Emerging Markets ESG Updates Database of Contacts
    by Robert Kropp

SocialFunds.com talks with Geoffrey Mazullo, whose twenty years of involvement with environmental, social, and corporate governance issues in emerging markets have provided him with a wealth of data and contacts compiled in a unique resource.

SocialFunds.com -- Last month, Emerging Markets ESG published the most recent update of its Database of Contacts in the Field of Socially Responsible Investment (SRI), an exhaustive compilation of 1,539 organizations, and 807 conferences and events, from 72 countries.

The database is the brainchild of Geoffrey Mazullo, as is Emerging Markets ESG itself.

Following a stint as Senior Analyst with Institutional Shareholder Services (ISS) in the early nineties, Mazullo went on to teach at two universities in Poland, positions that he still holds. More recently, he traveled to Egypt to help that country's banks develop the corporate governance standards required of signatories to the Equator Principles, a global framework for managing environmental and social risk in project finance transactions.

He first compiled the database in 2002, when he was in Budapest as the director of Partners for Financial Stability (PFS), a program administered by the United States Agency for International Development (USAID). In 2009, after the PFS program had ended, Mazullo founded Emerging Markets ESG and continued to maintain the database.

SocialFunds.com spoke with Mazullo this week, about the database and the mission of Emerging Markets ESG. My first question to him addressed the inclusiveness of the database; why, when practically every endeavor in the world having to do with sustainable investment is included, does the mission specifically address environmental, social, and corporate governance (ESG) conditions in emerging markets?

"This isn't only about what's happening in the emerging markets themselves," Mazullo said. "It's about flows of capital, and knowledge sharing and expertise, in developed markets as they impact emerging markets."

For example, Mazullo continued, "How will ESG process and analysis, management, and disclosure, impact institutional investors—specifically socially responsible or responsible investors—in other parts of the world as they make investment decisions that might include emerging markets?"

The breakup of the Soviet Union paved the way for Mazullo's involvement in ESG issues in the emerging markets of Central and Eastern Europe.

"I went to Russia in 1992 as part of a delegation to help the Russian Ministry of Privatization write corporate governance regulations," Mazullo said. "Then, in 2000, I went to Budapest," where, as director of PFS, he first developed the database.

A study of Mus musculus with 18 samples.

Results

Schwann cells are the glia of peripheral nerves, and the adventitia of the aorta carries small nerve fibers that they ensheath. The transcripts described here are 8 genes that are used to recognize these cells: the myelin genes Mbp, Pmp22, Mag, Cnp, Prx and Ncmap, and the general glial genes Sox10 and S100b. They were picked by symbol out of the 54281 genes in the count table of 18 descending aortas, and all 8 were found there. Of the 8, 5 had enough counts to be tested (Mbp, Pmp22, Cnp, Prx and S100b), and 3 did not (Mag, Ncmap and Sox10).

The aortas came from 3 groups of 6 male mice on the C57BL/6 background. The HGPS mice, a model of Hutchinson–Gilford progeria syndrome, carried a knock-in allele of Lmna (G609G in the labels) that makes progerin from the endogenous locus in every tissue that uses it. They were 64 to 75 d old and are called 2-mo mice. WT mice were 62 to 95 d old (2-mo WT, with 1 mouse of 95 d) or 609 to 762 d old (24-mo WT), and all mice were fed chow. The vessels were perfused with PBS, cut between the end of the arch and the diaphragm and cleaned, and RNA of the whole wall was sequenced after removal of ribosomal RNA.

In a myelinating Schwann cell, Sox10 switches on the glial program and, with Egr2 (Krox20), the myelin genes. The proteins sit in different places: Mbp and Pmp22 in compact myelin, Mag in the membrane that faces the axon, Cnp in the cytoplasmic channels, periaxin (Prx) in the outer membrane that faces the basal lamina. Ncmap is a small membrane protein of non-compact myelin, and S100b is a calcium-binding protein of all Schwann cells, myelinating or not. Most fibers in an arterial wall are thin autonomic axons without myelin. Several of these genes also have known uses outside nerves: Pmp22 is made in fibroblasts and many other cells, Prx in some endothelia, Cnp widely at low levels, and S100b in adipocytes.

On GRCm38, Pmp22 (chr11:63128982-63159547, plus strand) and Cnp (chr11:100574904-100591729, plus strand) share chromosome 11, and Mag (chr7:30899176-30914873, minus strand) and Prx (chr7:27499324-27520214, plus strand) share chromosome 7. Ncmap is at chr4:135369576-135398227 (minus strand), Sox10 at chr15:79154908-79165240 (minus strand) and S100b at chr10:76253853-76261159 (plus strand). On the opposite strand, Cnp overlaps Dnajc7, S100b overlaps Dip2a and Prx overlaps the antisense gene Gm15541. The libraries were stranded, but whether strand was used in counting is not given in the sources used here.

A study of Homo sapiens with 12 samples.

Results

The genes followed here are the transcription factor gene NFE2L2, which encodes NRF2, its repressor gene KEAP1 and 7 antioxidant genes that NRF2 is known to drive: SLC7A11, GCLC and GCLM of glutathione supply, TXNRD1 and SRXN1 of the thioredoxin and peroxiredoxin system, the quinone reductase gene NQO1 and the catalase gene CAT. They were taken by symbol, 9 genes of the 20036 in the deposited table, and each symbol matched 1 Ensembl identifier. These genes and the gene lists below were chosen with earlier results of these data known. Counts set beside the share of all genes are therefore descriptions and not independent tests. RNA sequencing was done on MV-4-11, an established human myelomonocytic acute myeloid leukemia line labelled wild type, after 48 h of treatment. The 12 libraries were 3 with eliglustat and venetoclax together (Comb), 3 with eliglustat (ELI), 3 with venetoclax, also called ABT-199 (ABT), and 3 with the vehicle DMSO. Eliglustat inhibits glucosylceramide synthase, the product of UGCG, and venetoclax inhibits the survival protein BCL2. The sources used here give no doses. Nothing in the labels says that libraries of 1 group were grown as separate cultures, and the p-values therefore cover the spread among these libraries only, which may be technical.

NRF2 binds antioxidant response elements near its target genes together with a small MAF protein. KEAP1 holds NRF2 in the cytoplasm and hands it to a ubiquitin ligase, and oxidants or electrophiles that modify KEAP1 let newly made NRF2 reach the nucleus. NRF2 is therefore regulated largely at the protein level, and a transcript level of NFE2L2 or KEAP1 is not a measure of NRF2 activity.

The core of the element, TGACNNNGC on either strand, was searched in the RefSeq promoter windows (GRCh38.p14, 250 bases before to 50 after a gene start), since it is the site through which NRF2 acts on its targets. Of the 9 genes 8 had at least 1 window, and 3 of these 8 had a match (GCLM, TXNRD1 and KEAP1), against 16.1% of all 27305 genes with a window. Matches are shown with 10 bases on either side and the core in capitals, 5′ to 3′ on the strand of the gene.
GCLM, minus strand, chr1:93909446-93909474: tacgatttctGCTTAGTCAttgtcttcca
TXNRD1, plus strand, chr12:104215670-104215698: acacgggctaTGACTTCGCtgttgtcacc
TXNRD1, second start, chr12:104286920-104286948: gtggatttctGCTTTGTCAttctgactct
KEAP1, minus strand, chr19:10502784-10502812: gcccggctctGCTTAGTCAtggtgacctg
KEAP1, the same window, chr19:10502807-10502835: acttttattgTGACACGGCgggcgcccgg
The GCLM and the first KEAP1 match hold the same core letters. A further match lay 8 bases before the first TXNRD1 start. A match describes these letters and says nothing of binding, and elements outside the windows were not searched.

"The program was developed by USAID in part as a response to the Asian and Russian crises," he said. "Not much was happening in Central and Eastern Europe at that time, because there wasn't full-scale privatization of state pension schemes, so major domestic institutional investors were not taking the issue of responsible investment on board."

"The guiding principles were identification of best practice, and adoption and implementation of international standards," he continued. "As part of that mandate I added an additional layer of looking at extra-financial reporting as well."

He added, "I was teaching corporate governance at the universities in Poland as well, and graduates of the program could apply to become interns to work on the database."

When the program ended, "I knew that I had access to lots of data that was in the public domain, and I also knew that I had developed a huge network of contacts that I wanted to continue working with." In part to maintain that network of contacts, Mazullo then founded Emerging Markets ESG, and began offering the database as a free resource on the website.

"We update it on a six-month basis with information from the public domain," he said. "Quite frankly, I don't know why some of the multi-lateral institutions and international organizations don't have something like this. But they don't, which is another reason to keep doing it."

When someone has been as involved in ESG issues in emerging markets for as long as Mazullo has, it is inevitable that he will be asked to provide his view on the progress made in the space over the years. Mazullo pointed to a service on the website called Five Questions about SRI, an interview series that features the insights of practitioners on the practice of sustainable investment in emerging markets.

A perusal of the interviews demonstrates that the issues confronting emerging markets and their adoption of ESG strategies are diverse, a perspective with which Mazullo concurred. For instance, he pointed out, supply chain issues are most often paramount in China; on the other hand, the most critical ESG issues in Poland are often informed by citizens' access to international media outlets.

Mazullo noted that the concept of Fair Trade was little understood by his students in Poland ten years ago. Now, he pointed out, every student knows about it.

Referring to improved understanding of supply chain management issues, Mazullo said, "When I read an article in the mainstream media drawing references from conditions at Foxconn to executive compensation at Apple, I realize that gains have been made."

"Gains have been made across the board," he continued, "And I think they've been made because of standard-setting organizations and all the constituencies; not only institutional investors, but local constituencies as well." Those local constituencies--including nongovernmental organizations, public-private partnerships, and even listed companies themselves--can all be accessed in the latest update of the database.